Modernist Features in Heart of Darkness
Heart of Darkness, a novella written by Joseph Conrad, was first published as three installments in Blackwood’s Magazine in 1899 following his journey into the Belgian Congo. The work is revered for its examination into the frightening depths of human corruption, and social disdain under the guise of a metaphor of a journey to the heart of Africa. The following articles are literary criticisms addressing colonialistic bias, atmosphere and the narrative frame, and mimesis in the story.
In Frances Singh’s criticism, “The Colonialistic Bias of Heart of Darkness,” he aimed to explore the connotation of the metaphor “heart of darkness.” He argues that, although Joseph Conrad meant to indict the entire colonial enterprise, the figurative expression ultimately reproduces an ethnocentric world view, which characterizes Africans as morally inferior people. The question the author intended to address was, to what extent are Marlow’s attitudes Conrad’s? Singh noted that in 1902, Conrad said that the story was “mainly a vehicle for conveying a batch of personal impressions,” and he described it as “experience pushed a little (and only very little) beyond the actual facts of the case (Singh). Conrad does not directly tell the story; a character named Marlow narrates it. Singh begins providing evidence and support for his assertion by separating Marlow’s views of colonialism into three classes and quoting text.
Marlow feels sorry for them when he sees them dying, but when he sees them healthy, practicing their customs, he feels nothing but loathing. Such as, when he saw Kurtz participating in tribal ceremonies. The problem with Kurtz is not that Kurtz “went native,” but that Kurtz perverted the customs of the tribe. Thus, the appropriation of the natives’ way of life is the wrong symbol for Kurtz’s depravity. Marlow chooses it because he does not separate tribal customs and corrupt practices. If Conrad shares Marlow’s prejudices, then Heart of Darkness was written, consciously or unconsciously, from a colonialistic point of view. Singh also notes Conrad’s subsequent writings that support that Marlow reflects Conrad’s attitude. The author concluded, “I do not wish to suggest that Conrad intended Heart of Darkness as a vindication of colonialistic policies or that the story should be removed from the canon of works indicting colonialism,” but that Conrad was a man of his times, and Marlow reflected that (Singh).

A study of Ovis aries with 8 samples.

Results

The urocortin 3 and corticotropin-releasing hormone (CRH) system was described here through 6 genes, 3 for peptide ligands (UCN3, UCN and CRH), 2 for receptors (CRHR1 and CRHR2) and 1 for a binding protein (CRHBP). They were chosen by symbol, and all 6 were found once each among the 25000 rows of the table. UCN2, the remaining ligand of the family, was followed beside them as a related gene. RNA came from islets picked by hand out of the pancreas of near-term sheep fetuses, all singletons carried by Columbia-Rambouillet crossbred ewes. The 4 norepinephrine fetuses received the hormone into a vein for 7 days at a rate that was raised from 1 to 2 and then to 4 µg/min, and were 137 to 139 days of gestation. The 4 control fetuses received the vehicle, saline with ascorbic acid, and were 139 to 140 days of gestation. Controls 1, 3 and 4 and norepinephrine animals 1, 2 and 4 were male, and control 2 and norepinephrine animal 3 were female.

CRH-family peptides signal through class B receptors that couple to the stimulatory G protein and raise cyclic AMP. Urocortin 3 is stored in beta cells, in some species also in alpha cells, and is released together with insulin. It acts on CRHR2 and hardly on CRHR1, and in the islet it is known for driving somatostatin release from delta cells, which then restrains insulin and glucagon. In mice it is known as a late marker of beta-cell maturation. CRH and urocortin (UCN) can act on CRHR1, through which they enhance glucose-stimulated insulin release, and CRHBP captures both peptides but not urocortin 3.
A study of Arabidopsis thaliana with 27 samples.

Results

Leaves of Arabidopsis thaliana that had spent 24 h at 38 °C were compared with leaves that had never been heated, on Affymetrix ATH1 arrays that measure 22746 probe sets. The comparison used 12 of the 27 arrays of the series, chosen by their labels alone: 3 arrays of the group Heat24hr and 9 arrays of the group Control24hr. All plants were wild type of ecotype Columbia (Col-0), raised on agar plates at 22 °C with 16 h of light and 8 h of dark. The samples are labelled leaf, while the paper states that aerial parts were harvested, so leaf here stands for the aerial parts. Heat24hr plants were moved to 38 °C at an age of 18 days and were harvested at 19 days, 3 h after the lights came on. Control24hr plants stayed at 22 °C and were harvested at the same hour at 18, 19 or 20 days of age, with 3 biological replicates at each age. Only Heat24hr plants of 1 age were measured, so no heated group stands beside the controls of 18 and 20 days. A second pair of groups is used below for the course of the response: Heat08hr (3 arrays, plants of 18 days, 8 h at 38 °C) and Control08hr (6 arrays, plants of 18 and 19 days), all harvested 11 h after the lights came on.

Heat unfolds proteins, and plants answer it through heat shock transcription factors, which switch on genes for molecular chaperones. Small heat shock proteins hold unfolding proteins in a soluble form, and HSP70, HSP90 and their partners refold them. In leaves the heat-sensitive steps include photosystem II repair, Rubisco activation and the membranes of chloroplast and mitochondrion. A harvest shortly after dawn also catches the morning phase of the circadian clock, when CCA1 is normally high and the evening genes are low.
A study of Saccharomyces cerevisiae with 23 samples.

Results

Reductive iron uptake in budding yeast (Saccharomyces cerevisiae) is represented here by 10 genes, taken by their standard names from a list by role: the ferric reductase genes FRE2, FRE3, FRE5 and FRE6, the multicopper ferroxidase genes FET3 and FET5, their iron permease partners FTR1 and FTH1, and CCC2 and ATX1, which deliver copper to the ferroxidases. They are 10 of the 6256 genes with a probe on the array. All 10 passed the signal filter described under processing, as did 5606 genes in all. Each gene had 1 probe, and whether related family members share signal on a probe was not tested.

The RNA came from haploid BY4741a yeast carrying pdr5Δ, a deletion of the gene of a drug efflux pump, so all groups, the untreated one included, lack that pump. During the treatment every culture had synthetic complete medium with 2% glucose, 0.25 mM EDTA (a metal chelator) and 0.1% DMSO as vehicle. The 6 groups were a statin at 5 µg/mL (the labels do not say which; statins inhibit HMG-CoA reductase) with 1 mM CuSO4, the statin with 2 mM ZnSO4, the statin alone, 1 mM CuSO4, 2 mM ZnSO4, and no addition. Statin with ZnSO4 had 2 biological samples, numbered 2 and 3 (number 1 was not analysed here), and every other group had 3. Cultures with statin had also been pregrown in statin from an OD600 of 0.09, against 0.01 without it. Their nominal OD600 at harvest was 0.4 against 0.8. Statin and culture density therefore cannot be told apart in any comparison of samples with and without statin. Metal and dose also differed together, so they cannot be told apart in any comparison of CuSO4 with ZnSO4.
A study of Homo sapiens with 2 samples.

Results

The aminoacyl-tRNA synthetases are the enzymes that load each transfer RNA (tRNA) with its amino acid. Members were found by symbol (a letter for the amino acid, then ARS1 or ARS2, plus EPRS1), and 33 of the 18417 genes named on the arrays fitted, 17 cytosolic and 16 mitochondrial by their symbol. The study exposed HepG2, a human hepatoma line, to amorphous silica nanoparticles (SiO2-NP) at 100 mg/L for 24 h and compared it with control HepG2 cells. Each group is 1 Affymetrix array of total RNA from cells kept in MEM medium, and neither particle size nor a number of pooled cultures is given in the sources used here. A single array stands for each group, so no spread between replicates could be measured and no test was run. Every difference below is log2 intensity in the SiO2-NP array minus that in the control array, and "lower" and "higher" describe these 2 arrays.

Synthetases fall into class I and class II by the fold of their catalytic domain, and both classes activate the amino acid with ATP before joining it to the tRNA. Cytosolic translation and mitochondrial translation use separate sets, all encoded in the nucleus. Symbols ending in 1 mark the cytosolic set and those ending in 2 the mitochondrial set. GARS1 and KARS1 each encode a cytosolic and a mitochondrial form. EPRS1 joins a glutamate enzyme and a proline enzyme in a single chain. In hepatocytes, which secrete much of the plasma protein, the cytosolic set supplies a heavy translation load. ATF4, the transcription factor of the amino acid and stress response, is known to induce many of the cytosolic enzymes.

In Anna Abramson’s criticism, “Joseph Conrad’s Atmospheric Modernism: Enveloping Fog, Narrative Frames, and Affective Attunement,” she argues that for Conrad, the atmosphere is a way of gesturing at something larger than any individual experience. The striking persistence of meteorological and affective atmospheres throughout the story—the “brooding gloom” that recurs across narrative frames, and geographical locations—reveals atmosphere to be fundamental to the setting (Abramson). Abramson argues that it is not the text’s “impressionistic descriptions” that contribute most directly to the construction of the atmosphere, but rather the particular way that Conrad experiments with narrative framing (Abramson). The author further explains that the outer frame narrative sets a striking atmospheric tone for the setting of the Thames, by allowing descriptions of mood and the weather to bleed into each other: “the air was dark above Gravesend… a mournful gloom brooding motionless over the biggest, and the greatest, town on earth,” (Abramson).
The embedded story of Marlow’s trip along the Congo uses similar language such as, “stillness of an implacable force brooding”, “mournful stillness”, and “greenish gloom,” (Abramson). Conventionally, the reader expects frames to erect a sort of partition between components of a narrative, yet Conrad’s atmosphere overflows all such divisions, rolling slowly through the text, much like literal fog. The author suggests that because the narrative sections divide while still also remaining permeable, these frames provide a structural “model of attunement,” (Abramson). She furthers this idea by using an analogy of tuning a musical instrument, which gives one a way to think about how the atmosphere of each section strikes a chord with the others in full harmony. Abramson proposes that attunement can be applied to “reading atmospherically,” a practice that seeks to replace “epistemological” decoding with affective attunement (Abramson). However, these discoveries introduce distinct ethical problems: because Conrad’s colonial violence is embedded in the environment rather than events —an all-encompassing fog— it is difficult to see how one could ever step outside of it.